Clegg attacks Labour legacy

 
Julian Harris

Closing the Liberal Democrats’ conference, party leader Clegg defiantly defended the coalition’s plans to eliminate the annual deficit by 2015.

“Saddling our children with the nation’s debt: that’s not fair,” he said. “Handing control of the economy to the bond traders is not progressive.”

Labour’s shadow chancellor Ed Balls accuses the government of reducing the deficit “too far and too fast”, leading Clegg to jibe: “Labour would have offered too little, too late”.

“Labour’s economy was based on bad debt and false hope, they got us into this mess,” he added. “Never, ever trust Labour with our economy again.”

Nonetheless, the Deputy Prime Minister admitted that the outlook for global growth has got worse.

“That’s why we’re already investing in infrastructure, reducing red tape, promoting skills, getting the banks lending. But we need to do more, we can do more, and we will do more for growth and for jobs.”

The speech was welcomed by Tim Montgomerie, editor of Conservative Home and former adviser to Iain Duncan Smith. “Clegg made attack after attack on Labour. He feels like a real coalition partner in a way that Vince Cable, Chris Huhne and Tim Farron do not,” Montgomerie said. ECONOMICS: P6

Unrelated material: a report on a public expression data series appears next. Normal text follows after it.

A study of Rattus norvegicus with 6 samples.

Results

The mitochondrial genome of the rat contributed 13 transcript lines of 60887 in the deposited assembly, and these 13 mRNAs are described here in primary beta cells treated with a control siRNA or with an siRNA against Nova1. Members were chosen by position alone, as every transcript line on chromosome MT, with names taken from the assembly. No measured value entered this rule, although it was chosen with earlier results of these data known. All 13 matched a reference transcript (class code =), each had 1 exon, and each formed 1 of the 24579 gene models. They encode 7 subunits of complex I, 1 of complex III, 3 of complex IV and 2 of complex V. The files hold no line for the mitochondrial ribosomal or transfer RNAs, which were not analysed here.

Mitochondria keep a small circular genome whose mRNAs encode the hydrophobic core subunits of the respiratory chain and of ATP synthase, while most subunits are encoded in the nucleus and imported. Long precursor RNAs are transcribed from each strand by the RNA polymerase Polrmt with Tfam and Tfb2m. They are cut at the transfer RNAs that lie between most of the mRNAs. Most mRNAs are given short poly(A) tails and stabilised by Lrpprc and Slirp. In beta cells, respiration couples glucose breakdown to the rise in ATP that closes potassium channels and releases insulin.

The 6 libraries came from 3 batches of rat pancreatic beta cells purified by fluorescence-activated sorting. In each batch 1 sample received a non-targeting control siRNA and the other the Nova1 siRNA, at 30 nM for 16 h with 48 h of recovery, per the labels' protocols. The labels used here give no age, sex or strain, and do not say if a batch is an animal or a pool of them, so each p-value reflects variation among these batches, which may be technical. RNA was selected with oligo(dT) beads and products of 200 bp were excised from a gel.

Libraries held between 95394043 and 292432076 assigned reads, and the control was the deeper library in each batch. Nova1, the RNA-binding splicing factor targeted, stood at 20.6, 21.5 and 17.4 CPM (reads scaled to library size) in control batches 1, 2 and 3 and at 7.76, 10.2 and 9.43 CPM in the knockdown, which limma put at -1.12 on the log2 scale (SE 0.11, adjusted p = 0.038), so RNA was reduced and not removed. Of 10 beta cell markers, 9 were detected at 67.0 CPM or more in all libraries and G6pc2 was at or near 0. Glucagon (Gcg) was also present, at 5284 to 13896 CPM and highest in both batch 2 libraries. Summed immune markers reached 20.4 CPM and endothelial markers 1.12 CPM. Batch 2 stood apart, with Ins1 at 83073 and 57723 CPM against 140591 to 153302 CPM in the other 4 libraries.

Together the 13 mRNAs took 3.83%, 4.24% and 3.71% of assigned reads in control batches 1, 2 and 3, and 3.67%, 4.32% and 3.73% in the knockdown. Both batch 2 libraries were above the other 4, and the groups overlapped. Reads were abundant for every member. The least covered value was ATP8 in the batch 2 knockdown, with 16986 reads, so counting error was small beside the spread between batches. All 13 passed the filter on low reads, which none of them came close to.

DEPUTY PM NICK CLEGG’S SPEECH: THE HIGHLIGHTS

● ”After their government stipend, 95 per cent of Labour's money comes from unions,” Clegg said, arguing that the Lib Dems are “in nobody’s pocket” – neither unions nor “media moguls”.
● “When we come to sell those [bailed-out] bank shares, I want to see a payback to every citizen,” the Deputy Prime Minister said.
● Clegg promised “a new economy safe from casino speculation”, adding that Vince Cable was “putting a firewall into the banking system” – an endorsement of ring-fencing.
● Bankers were not the only people to be accused of “greed” by Clegg, who blasted the riots as “outbursts of nihilism and greed”.
● Clegg threatened to “make firms work harder to get women on their boards”.
● The Human Rights Act “is here to stay”, the Liberal Democrat leader pledged to activists.